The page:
Pascalines came in both decimal and non-decimal varieties, both of which exist in museums today. The contemporary French currency system was similar to the Imperial pounds ("livres"), shillings ("sols") and pence ("deniers") in use in Britain until the 1970s.
In 1799 France changed to a metric system, by which time Pascal's basic design had inspired other craftsmen, although with a similar lack of commercial success. Child prodigy Gottfried Wilhelm Leibniz devised a competing design, the Stepped Reckoner, in 1672 which could perform addition, subtraction, multiplication and division; Leibniz struggled for forty years to perfect his design and produce sufficiently reliable machines. Calculating machines did not become commercially viable until the early 19th century, when Charles Xavier Thomas de Colmar's Arithmometer, itself using the key break through of Leibniz's design, was commercially successful .
The initial prototype of the Pascaline had only a few dials, whilst later production variants had eight dials, the latter being able to deal with numbers up to 9,999,999.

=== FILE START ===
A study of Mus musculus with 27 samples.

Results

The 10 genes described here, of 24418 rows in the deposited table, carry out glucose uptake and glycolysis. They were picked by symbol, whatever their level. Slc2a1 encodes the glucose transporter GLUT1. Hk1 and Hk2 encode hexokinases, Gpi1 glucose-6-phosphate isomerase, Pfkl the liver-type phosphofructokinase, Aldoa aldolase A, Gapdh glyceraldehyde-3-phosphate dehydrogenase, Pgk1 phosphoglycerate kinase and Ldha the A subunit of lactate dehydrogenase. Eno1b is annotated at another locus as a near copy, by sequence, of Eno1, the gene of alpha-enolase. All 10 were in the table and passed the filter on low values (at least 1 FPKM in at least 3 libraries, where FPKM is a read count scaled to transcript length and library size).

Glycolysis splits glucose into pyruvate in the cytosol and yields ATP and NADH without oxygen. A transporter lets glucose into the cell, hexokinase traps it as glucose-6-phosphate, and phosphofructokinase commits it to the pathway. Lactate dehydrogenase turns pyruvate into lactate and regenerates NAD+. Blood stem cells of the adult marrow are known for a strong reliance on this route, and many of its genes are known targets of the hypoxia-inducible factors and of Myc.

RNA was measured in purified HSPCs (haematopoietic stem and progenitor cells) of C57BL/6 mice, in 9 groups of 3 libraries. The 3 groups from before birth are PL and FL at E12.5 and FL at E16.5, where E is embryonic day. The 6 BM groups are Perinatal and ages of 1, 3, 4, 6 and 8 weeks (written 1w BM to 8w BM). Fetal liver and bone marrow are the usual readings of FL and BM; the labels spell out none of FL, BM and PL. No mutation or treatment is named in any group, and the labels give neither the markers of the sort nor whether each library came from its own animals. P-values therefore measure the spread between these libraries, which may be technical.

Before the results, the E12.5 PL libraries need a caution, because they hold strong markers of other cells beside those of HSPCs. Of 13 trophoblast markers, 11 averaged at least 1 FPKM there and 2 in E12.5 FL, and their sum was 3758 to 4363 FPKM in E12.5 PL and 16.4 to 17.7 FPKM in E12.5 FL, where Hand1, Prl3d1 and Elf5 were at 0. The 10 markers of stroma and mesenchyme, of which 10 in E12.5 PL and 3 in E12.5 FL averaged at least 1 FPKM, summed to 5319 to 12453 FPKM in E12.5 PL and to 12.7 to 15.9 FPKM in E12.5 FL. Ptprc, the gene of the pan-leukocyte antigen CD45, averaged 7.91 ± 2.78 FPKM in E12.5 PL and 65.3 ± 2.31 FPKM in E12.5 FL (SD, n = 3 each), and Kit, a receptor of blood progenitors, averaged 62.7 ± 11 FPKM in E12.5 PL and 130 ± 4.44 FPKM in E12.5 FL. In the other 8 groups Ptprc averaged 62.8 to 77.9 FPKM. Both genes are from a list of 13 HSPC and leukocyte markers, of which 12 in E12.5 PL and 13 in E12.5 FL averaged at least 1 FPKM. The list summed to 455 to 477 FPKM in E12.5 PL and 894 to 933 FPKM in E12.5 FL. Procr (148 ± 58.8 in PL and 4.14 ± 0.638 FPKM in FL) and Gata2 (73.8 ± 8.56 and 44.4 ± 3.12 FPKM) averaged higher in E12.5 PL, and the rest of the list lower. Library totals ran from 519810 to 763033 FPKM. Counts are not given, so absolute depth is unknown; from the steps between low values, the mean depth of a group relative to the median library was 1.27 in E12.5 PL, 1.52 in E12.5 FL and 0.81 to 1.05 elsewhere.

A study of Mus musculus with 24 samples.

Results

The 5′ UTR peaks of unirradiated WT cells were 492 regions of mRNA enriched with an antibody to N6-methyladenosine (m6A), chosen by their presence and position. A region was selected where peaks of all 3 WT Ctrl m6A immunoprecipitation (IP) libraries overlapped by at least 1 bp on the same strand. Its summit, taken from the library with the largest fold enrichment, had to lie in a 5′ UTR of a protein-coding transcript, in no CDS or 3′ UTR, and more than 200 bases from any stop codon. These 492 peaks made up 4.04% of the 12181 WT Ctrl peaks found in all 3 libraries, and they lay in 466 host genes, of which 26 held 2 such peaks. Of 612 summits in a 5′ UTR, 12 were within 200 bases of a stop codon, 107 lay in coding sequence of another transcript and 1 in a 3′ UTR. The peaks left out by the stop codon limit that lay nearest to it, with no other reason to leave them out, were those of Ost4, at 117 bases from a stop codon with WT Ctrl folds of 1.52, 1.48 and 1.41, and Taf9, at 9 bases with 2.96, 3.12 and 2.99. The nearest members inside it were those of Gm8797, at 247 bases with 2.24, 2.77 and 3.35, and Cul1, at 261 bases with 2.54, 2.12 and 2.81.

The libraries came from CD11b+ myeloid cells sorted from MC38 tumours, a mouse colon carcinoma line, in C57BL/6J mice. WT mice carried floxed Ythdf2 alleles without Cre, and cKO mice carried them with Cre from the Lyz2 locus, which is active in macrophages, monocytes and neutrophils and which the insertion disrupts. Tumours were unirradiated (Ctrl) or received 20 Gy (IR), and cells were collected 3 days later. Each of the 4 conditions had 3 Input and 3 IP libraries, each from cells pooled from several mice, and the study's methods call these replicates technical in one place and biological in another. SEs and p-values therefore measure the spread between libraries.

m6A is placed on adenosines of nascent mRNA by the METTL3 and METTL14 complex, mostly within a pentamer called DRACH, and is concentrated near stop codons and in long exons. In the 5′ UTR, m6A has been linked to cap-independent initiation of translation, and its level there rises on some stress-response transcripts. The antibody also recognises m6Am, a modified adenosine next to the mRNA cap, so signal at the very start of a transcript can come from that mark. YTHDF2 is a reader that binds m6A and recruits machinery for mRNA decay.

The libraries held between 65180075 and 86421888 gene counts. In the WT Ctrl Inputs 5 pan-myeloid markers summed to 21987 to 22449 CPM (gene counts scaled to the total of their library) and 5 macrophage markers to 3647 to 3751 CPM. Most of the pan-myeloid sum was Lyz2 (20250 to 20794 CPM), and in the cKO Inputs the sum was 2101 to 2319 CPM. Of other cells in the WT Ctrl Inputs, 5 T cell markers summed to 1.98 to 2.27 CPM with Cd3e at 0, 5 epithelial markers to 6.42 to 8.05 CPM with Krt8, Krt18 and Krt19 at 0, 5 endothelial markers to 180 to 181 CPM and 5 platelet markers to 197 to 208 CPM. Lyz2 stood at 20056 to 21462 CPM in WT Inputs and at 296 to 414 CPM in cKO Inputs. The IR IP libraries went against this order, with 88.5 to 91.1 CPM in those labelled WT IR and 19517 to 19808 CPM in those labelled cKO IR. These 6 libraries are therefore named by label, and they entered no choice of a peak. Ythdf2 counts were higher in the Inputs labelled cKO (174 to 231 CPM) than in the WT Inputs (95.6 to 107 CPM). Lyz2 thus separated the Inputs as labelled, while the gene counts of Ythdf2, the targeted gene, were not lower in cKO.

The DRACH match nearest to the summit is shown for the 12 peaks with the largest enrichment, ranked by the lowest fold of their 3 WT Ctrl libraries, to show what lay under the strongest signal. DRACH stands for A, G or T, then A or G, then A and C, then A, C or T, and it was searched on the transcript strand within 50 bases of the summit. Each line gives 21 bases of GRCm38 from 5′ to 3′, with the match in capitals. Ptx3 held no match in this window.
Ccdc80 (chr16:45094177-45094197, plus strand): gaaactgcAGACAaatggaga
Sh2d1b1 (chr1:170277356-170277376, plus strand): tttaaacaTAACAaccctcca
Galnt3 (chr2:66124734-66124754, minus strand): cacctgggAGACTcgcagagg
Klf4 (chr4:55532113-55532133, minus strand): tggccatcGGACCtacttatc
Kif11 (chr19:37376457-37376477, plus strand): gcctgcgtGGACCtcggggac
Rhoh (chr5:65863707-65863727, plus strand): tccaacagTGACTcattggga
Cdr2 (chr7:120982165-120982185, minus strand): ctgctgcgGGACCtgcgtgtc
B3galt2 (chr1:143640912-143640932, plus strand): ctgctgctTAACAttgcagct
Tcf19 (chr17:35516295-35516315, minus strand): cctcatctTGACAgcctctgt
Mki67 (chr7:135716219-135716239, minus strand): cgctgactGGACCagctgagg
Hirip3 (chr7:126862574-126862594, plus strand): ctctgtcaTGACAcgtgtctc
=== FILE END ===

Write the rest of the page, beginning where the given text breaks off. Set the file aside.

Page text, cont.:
The calculator had spoked metal wheel dials, with the digit 0 through 9 displayed around the circumference of each wheel. To input a digit, the user placed a stylus in the corresponding space between the spokes, and turned the dial until a metal stop at the bottom was reached, similar to the way a rotary telephone dial is used. This would display the number in the boxes at the top of the calculator. Then, one would simply redial the second number to be added, causing the sum of both numbers to appear in boxes at the top. Since the gears of the calculator only rotated in one direction, negative numbers could not be directly summed. To subtract one number from another, the method of nines' complements was used. To help the user, when a number was entered its nines' complement appeared in a box above the box containing the original value entered.